Five CFOs Reflect On COVID-19’s March Madness

From Forbes: TRIAL BY FIRE

Andrew Casey, CFO, WalkMe, San Francisco, CA

Before joining San Francisco software developer WalkMe as CFO in early March, Andrew Casey spent nearly six years with cloud computing steady-climber ServiceNow, of Santa Clara, California, where he served as senior vice president of finance and business operations. Prior to its ServiceNow entry, Casey’s resume is populated with a string of Silicon Valley marquee names, including Hewlett Packard Enterprise, Oracle Corp., and Sun Microsystems.

Casey: “It’s been a crazy few weeks, and I will tell you that it’s been trial-by-fire since I became CFO early this month. The first day I joined, we were talking about canceling our user conference and what the implications were of going to a virtual format.

Every day, it’s been about reviewing some of the basics and questioning assumptions: “How many customers do we really believe we’re going to sign up this quarter?” “How many Receivables do we really believe we’re going to be able to collect by the end of the month?” I think that this is going to be a defining moment upon which we all look back and hopefully find ourselves able to say, “We did the right things.” …We had the French Ministry of Health ask us to ensure that they could get doctors on board as quickly as possible. We didn’t wait for the paperwork. We just did it—that’s the response that I’m so proud of.”

Sameer Bhargava, CFO, Clark Construction Group, Bethesda, MD

Ten years ago, the construction industry was not where you might have expected Sameer Bhargava’s future to reside. At that time, Bhargava was at the midpoint of a 13-year-career stint at The Carlyle Group, where he had managed the firm’s investment activities. Bhargava migrated to Carlyle’s corporate side of the business as the company prepared for its 2012 IPO. According to Clark’s CFO, he very likely would still be at Carlyle had the possibility of working alongside Robert Moser, CEO of Clark Construction, not taken shape. 

Bhargava: “Part of this has been about making sure that we try to stay as agile and nimble as we can and then try to keep a level head around all of it. We’ve got to take care of our people. We not only have our people at the job sites and in the corporate offices, but we also have a lot of subcontractors on our job sites. It is so very important that we take care of everyone and that we do all of the right things to make certain that this is a priority. Then we are also trying to make sure that our work keeps going. We believe that it’s important that we continue to do the work with the right precautions and guidelines in place. We have been really focused on following every CDC guideline and keeping everything safe as precisely as we can. We’re just continuing to work through trying to make the right decisions day to day. Economically, this is definitely different from what 2008 looked like or 2001. Still, there were a lot of lessons learned from those periods that I think are applicable here, and ultimately what we have to do is to play both defense and offense. We do need to make sure that we protect the company, but we cannot lose sight of our goal being that when this period ultimately passes, we are as strong as possible. I am at home in McLean, Virginia, and sheltered in place, trying to work in one of our rooms. The kids are at home. They’ll start online school next Wednesday, and this week they were on spring break, technically, but they’ve all been in the house. But it’s actually worked out fine.”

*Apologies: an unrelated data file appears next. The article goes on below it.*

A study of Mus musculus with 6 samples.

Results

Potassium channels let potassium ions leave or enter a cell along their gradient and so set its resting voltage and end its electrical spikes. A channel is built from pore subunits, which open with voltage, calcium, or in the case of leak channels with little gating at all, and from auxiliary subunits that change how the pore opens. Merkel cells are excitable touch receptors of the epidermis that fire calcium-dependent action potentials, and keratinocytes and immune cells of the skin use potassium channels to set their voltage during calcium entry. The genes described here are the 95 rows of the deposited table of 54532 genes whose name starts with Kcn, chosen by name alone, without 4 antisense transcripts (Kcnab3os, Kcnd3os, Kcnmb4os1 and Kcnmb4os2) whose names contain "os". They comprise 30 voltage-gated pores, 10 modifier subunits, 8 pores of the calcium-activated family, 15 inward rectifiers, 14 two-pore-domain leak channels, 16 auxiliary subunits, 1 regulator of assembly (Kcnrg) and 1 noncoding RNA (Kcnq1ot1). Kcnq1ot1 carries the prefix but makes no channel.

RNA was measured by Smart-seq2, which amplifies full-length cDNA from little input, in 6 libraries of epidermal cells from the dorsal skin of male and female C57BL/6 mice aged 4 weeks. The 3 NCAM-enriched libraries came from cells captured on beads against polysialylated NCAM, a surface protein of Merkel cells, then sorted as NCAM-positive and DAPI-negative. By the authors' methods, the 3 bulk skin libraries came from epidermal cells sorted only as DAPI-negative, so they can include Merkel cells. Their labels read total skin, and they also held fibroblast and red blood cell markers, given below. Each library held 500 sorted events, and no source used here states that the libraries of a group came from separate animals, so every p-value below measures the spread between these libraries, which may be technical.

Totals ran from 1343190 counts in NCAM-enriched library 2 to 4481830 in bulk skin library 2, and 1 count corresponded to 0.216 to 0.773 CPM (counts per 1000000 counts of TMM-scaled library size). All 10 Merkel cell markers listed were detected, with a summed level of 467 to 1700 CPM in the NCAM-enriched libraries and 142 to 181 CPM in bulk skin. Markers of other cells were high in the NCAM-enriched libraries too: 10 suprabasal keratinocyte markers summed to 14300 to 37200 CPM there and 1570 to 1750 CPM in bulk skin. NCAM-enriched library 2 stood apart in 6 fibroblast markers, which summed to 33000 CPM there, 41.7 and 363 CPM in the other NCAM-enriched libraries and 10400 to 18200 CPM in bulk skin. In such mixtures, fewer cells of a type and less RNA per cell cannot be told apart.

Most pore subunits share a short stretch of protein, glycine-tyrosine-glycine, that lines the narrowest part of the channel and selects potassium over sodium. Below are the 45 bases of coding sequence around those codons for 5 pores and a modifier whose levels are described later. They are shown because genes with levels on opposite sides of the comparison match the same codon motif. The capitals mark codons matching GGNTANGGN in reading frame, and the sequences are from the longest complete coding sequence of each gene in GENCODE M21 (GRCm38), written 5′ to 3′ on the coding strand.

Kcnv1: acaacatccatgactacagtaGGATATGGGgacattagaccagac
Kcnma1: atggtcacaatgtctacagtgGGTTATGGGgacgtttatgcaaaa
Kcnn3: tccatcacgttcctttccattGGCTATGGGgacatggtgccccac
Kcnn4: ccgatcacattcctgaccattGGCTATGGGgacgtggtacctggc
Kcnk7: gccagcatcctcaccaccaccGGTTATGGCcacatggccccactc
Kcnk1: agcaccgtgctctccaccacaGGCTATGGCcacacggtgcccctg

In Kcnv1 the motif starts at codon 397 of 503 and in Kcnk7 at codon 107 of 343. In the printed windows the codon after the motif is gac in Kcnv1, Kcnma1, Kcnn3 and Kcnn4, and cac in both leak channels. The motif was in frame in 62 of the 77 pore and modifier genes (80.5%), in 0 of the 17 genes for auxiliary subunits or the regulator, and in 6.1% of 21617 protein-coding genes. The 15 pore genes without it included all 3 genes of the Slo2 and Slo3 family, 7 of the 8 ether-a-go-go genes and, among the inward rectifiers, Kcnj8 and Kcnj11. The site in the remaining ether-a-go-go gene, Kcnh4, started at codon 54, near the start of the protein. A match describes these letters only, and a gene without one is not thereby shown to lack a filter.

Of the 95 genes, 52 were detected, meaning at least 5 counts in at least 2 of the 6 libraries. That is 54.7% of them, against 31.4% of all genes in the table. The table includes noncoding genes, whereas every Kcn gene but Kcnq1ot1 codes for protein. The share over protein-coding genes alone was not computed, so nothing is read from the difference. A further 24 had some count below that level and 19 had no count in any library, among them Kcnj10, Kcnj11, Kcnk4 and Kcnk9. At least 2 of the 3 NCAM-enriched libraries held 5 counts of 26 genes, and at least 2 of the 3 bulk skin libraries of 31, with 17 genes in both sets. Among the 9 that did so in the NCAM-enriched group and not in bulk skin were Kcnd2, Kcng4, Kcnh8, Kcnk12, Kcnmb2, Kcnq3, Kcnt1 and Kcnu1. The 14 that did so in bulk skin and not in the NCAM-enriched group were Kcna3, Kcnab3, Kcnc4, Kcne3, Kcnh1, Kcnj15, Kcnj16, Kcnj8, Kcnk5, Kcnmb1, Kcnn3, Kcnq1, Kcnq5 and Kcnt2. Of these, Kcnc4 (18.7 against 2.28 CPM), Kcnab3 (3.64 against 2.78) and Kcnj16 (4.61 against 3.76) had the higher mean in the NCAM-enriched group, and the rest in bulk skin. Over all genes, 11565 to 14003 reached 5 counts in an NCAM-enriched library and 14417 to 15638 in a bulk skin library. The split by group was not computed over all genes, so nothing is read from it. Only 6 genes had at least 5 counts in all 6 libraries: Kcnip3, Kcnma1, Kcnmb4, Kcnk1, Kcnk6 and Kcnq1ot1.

Tod Nestor, CFO, Energy Focus, Salon, Ohio

Tod Nestor’s early finance career resembled that of many other finance leaders when, as a manager inside Pepsico’s finance function, he regularly sought to bring financial insights to the attention of his peers. However, in the years that followed, Nestor rejected more traditional finance corporate roles in favor of positions that tasked him with driving organizational change. According to Nestor, his latest tour of duty as CFO/president of Energy Focus, an LED lighting company, is yet another change chapter. 

Nestor: “We happen to have a fair amount of our product sourced out of China, so we’ve been thinking about this for quite some time. What we’ve learned is that on the supply chain side there has been an impact by COVID-19, but I would say that it’s been more of a deferral, a timing impact—it hasn’t ceased shipments or any of that. We also did contingency planning and moved some production to other countries. This was critical, as far as timing goes. But as this relates to just China itself, we have found that they were able to get their factories back up and running through a very robust certification process. Then the real problem was downstream, with the suppliers. This took a little longer. So as people returned back to their factories to work, the production got ramped back up. We did see timing impacts, but nothing permanent or long-term on the supply side for going forward. The other locations that have a significant presence of coronavirus, other than China, are in the U.S., where we also source. Clearly, we don’t understand the impact of this yet. Each area of the U.S. is dealing with this differently, and it’s real-time. Honestly, my biggest concern right now is the customer side and what this does to the psyche  of a buyer, what it does to the customer. I say this from the perspective of thinking that there’s been such a response to this that it concerns me a little bit from the customer side. As a leader in an organization, I can’t afford to panic. Nor do I want to. I want to send a strong signal to the organization that we are calm, we are thoughtful, and we are taking this on in a very well-thought-out manner.”